Made In Space’s printer passed its final NASA test ahead of schedule, allowing its launch date to be moved up from November. The machine will print 21 test parts once it arrives at the ISS.

Made in Space's printers are rugged, as they have to survive the launch into space. Signe Brewster
photo: Signe Brewster

Astronauts are closer to being able to manufacture tools and parts on demand in the International Space Station after Made In Space‘s 3D printer passed its final NASA test and had its launch date moved forward to August.

NASA is interested in having a 3D printer aboard the space station because it will give astronauts the ability to create custom parts exactly when they need them. For example, after a spacewalk turned dangerous last year when an astronaut’s suit began to fill with water, the crew modified their suits with makeshift snorkels made from velcro and plastic tubing. A 3D printer could also be used for more mundane jobs like printing extra bolts, springs and tools for science experiments.

“There’s literally billions of dollars of spare parts that have to be on the station because they never know what they’ll need,” CTO Jason Dunn said in an interview last year. “There’s times when a tool is needed and the tool didn’t exist.”

CTO Jason Dunn and CEO Aaron Kemmer show off a 3D printed CubeSat, plus other parts that could be made aboard the ISS. Photo by Signe Brewster.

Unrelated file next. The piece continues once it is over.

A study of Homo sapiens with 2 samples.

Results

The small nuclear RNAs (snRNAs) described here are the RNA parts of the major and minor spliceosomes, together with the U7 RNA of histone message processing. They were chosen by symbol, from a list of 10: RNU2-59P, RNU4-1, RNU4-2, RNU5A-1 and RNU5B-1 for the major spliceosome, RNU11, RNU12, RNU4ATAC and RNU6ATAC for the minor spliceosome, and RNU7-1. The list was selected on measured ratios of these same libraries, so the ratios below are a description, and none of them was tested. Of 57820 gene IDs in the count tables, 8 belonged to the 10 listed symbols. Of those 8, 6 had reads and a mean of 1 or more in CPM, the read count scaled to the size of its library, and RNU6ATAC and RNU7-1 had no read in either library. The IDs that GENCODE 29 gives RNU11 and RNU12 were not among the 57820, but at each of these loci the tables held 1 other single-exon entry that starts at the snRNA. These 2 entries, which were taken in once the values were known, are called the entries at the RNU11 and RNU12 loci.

CTO Jason Dunn and CEO Aaron Kemmer show off a 3D printed CubeSat, plus other parts that could be made aboard the ISS. Photo by Signe Brewster.

Its first task aboard the ISS will be to print 21 test parts, video of which will be sent back to Earth and analyzed. One Made In Space knows the printer works and the items it produces are useable, it will work on increasing its build volume and adding new printing materials.

The printer will leave Earth aboard SpaceX’s fourth resupply mission to the ISS. It was originally slated to launch in November but was rescheduled after passing safety tests and other required evaluations ahead of schedule. SpaceX’s resupply missions often face delays, so it is possible the printer will launch later than August.

Made In Space formed in 2010 and developed the first version of a printer for NASA in 2012.  The Mountain View-based startup has tested the machine on parabolic flights, where brief episodes of near-weightlessness mimic the microgravity aboard the ISS.